October 19, 2021
One of the largest changes to come out of the pandemic is the way in which we work. Before COVID-19, many businesses — especially those in Silicon Valley — were already starting to make a transition into remote working. Showing up at the office for a standard 9 to 5 shift was slowly becoming a thing of the past. But now, this trend has increased exponentially, and nearly all organizations that can adopt remote working have done so.
But adopting and adapting are two different things. Now more than ever, it’s important for organizations to develop the IT infrastructure and cybersecurity practices necessary for this transition — a transition that may end up more or less permanent even after the pandemic finally ends. We’re already seeing signs that remote work is more or less here to stay.
Remote workers need training.
We live in a time where entire cities are crippled due to ransomware, and data breaches occur on a literal daily basis. Meanwhile, the average person does not have the experience required to maintain strong cybersecurity hygiene in their private home. Given enough time, even the most tech-savvy person is likely to make a mistake. From insecure router settings to family sharing, all it takes is one slip-up to compromise your organization.
Many of these risks can at least be mitigated through proper training. It’s important to communicate to employees about the threats they face — especially when they don’t have office protections available, like firewalls or encryption. Remote workers should be trained to spot security threats. They should know how to identify phishing attacks and Business Email Compromise scams, and should be frequently tested on this knowledge.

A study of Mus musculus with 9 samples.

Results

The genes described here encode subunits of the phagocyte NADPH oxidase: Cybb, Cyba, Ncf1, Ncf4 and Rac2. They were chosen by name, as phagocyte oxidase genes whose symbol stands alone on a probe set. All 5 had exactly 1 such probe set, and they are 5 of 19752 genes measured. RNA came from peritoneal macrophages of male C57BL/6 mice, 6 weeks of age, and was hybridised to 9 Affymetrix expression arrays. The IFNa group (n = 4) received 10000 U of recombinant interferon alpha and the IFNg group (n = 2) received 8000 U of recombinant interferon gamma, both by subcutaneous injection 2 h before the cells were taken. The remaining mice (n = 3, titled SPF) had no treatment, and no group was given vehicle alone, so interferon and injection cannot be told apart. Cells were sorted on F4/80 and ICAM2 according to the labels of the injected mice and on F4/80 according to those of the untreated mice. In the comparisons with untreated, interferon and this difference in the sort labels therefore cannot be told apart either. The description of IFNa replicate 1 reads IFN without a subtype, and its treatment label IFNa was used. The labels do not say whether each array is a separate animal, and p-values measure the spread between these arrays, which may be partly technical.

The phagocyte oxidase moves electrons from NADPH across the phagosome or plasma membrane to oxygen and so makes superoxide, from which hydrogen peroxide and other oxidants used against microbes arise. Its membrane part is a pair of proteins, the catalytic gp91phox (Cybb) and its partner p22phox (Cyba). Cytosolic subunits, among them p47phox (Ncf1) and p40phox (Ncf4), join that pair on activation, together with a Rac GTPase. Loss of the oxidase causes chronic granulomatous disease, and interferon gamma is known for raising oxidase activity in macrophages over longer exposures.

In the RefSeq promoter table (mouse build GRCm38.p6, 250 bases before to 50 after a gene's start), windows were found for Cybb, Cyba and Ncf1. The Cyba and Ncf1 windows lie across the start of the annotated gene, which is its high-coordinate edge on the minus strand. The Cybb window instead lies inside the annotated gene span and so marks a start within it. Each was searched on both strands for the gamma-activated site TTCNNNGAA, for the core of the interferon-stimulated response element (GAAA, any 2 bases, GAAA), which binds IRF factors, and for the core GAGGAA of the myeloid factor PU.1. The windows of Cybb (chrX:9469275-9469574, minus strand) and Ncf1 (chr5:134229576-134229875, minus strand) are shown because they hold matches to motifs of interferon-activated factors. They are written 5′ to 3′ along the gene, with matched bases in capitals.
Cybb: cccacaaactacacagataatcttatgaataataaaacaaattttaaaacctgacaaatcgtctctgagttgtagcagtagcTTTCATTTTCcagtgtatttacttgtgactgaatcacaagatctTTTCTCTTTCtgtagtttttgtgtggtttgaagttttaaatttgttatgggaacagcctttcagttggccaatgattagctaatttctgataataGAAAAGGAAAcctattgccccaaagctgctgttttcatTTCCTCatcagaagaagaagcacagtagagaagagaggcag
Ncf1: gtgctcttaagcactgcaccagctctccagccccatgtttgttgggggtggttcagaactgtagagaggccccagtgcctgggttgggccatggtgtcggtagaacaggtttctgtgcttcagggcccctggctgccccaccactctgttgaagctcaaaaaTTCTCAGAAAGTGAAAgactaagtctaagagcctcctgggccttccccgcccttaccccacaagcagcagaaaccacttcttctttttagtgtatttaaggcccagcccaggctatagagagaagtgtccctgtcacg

Remote work requires cloud security.
In a previous article, we wrote about working in the cloud and maintaining a strong cloud security system. The key benefit of cloud computing is that it provides a centralized hub for all of your employees to get their work done from anywhere. Simultaneously, it allows businesses to have greater flexibility on how information and data is accessed for all employees. Deploying IT infrastructure in the cloud also allows the IT administrator to work from anywhere, without having to be on-site in the office server room.
Remote workers need to use MFA.
Adding multi-factor authentication should be standard practice for just about everything now. While not an absolute 100% means of keeping you protected (no security system is), it still helps a lot, and its use is recommended by the FBI. It adds yet another layer of security that IT teams can leverage with remote employees. As each employee logs into their VPN or cloud-based application, a secondary form of identification — usually an SMS text — is also required to log in. This secondary form of authentication protects against unauthorized access to the network or the use of stolen credentials.
We find ourselves in an odd state of transition right now. Technology is growing more powerful, cybersecurity threats are evolving, and in the middle of it all, our working habits are changing. Maintaining security was challenging enough when everyone performed tasks in specific buildings at designated work locations. IT now has to be flexible enough to accommodate workers from anywhere — namely in their own homes. For a consultation on how we can help your remote workforce remain secure, call us. We can provide and equip you with that flexibility.